It's difficult to categorize "The Grass Crown" as a sequel to Colleen McCullough's first novel of ancient Rome, "The First Man in Rome." It's more of a continuation of an epic, which is the collapse of the Roman Republic, due in no small part by the great weight of the titans striding across Italia in those days.
Where "The First Man in Rome" left off with Gaius Marius ascendant, thanks in large part due to the savage cunning and brilliant audacity of Lucius Cornelius Sulla, his right-hand man, "The Grass Crown" starts with these two friends growing apart. Their closest friend, Publius Rutilius Rufus, whose letters offer some of the most entertaining passages in the first two books, notes the growing rift between the two even at a pleasant dinner party. This gap is a sad foreshadowing of the chasm that will soon develop between these two.
Neither Marius nor Sulla is equipped to be second best at anything, and even though they share many traits, these two are too different to remain friends for long. Marius, even though he has suffered a stroke, remains convinced that he is the best general in Rome and is just insecure enough to need to prove it. Sulla, chafing at Marius's position as the First Man in Rome, is desperate to prove his place and to restore the patrician class (which Marius has undermined with his New Man successes and radical ideas).
Tragedy ensues as Sulla loses his beloved son and Marius suffers an even more debilitating stroke -- although this does bring the young prodigy Julius Caesar to Marius's side as an aide. Marius's insecurity becomes palpable when he grows resentful of the staggering potential demonstrated by Young Caesar.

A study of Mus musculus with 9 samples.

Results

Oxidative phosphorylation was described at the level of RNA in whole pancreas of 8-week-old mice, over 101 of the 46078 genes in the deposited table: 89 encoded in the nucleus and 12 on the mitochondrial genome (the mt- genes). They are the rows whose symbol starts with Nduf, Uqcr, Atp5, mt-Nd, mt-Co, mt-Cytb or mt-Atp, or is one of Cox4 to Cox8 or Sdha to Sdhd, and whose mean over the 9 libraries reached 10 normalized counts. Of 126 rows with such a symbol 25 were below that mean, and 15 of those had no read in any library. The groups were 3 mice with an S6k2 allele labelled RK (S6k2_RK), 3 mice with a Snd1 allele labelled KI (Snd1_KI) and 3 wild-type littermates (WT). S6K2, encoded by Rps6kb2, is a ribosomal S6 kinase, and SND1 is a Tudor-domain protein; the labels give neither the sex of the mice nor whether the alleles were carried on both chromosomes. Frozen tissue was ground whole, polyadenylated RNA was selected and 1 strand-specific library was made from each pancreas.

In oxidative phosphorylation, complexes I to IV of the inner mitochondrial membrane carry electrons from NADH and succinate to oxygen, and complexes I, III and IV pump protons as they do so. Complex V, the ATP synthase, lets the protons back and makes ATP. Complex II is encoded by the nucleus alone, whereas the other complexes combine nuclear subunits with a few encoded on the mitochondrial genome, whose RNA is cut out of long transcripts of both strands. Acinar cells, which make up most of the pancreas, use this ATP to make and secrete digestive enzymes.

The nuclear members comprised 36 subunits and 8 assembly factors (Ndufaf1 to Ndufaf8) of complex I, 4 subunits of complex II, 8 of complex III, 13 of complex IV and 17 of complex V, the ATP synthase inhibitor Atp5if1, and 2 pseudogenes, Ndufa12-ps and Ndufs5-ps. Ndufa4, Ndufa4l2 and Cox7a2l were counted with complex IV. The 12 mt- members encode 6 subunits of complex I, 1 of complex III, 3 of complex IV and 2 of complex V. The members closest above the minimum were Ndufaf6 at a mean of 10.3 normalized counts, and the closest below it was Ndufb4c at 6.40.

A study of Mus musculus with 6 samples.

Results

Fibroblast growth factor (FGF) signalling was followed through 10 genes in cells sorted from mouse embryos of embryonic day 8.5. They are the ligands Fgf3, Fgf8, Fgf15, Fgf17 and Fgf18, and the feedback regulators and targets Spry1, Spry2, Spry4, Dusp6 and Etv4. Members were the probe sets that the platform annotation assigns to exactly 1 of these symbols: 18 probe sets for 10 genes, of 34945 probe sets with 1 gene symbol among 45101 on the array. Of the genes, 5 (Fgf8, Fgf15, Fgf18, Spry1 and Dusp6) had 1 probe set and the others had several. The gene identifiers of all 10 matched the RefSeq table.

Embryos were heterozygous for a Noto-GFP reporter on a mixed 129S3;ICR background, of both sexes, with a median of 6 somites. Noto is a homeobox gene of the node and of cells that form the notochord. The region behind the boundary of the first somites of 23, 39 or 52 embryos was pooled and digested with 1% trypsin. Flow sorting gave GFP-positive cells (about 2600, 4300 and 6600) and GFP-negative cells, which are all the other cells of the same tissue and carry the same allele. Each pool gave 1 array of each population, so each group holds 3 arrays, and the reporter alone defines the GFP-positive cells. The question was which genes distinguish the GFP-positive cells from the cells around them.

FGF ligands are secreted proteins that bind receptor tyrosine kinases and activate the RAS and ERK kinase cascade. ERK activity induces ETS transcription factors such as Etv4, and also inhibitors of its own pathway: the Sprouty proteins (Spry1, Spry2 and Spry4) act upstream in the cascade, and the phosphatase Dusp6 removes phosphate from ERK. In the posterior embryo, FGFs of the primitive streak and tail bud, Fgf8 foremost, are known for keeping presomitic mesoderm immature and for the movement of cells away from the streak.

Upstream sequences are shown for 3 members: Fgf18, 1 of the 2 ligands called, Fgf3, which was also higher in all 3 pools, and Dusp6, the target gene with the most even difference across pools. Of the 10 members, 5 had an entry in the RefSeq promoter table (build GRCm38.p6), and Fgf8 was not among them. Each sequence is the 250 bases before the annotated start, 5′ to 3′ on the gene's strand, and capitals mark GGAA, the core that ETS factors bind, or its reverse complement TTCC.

Marcus Drusus, another hold-over from "The First Man in Rome," gets caught up advocating for the Roman citizenship for all Italians . . . this sounds odd to folks who aren't familiar with Roman history, but "Italy" as we now understand it is a modern invention. By advocating the extension of citizenship to all Italians, Drusus creates a firestorm among the Roman political class (the Romans were a remarkably arrogant people, and looked down with disdain even on those Italians who fought side-by-side with them against the dreaded Germans). This conflict drives much of the book, and its fall-out creates the military conflict that drives the book to its conclusion.
Both Marius and Sulla get involved in the Roman military campaign against the Italians, and Sulla manages to win the coveted Grass Crown, one of the highest awards in the Roman world. But still, Sulla feels eclipsed by Marius, and soon these two giants are at war. Sulla, violating centuries of precedent, leads his armies against Rome, and the bloody fall-out of Roman fighting Roman is almost too much to bear.
Through it all, McCullough writes with her usual straightforward brilliance. Rather than dazzle the reader with literary flourishes, McCullough paints an exhilirating world through precise descriptions and vivid characterizations. Her grasp of the scope of the Roman world is staggering, and her glossary and maps are invaluable.
Fortunately, McCullough pays as much attention to the female world of Rome as the male -- we get a fully realized Rome that reveals the political clout of the Roman woman even in a world that officially denied her so much power.
All in all, a heck of a read. However, this book really must be read after "The First Man in Rome," or you'll miss too much of the back story.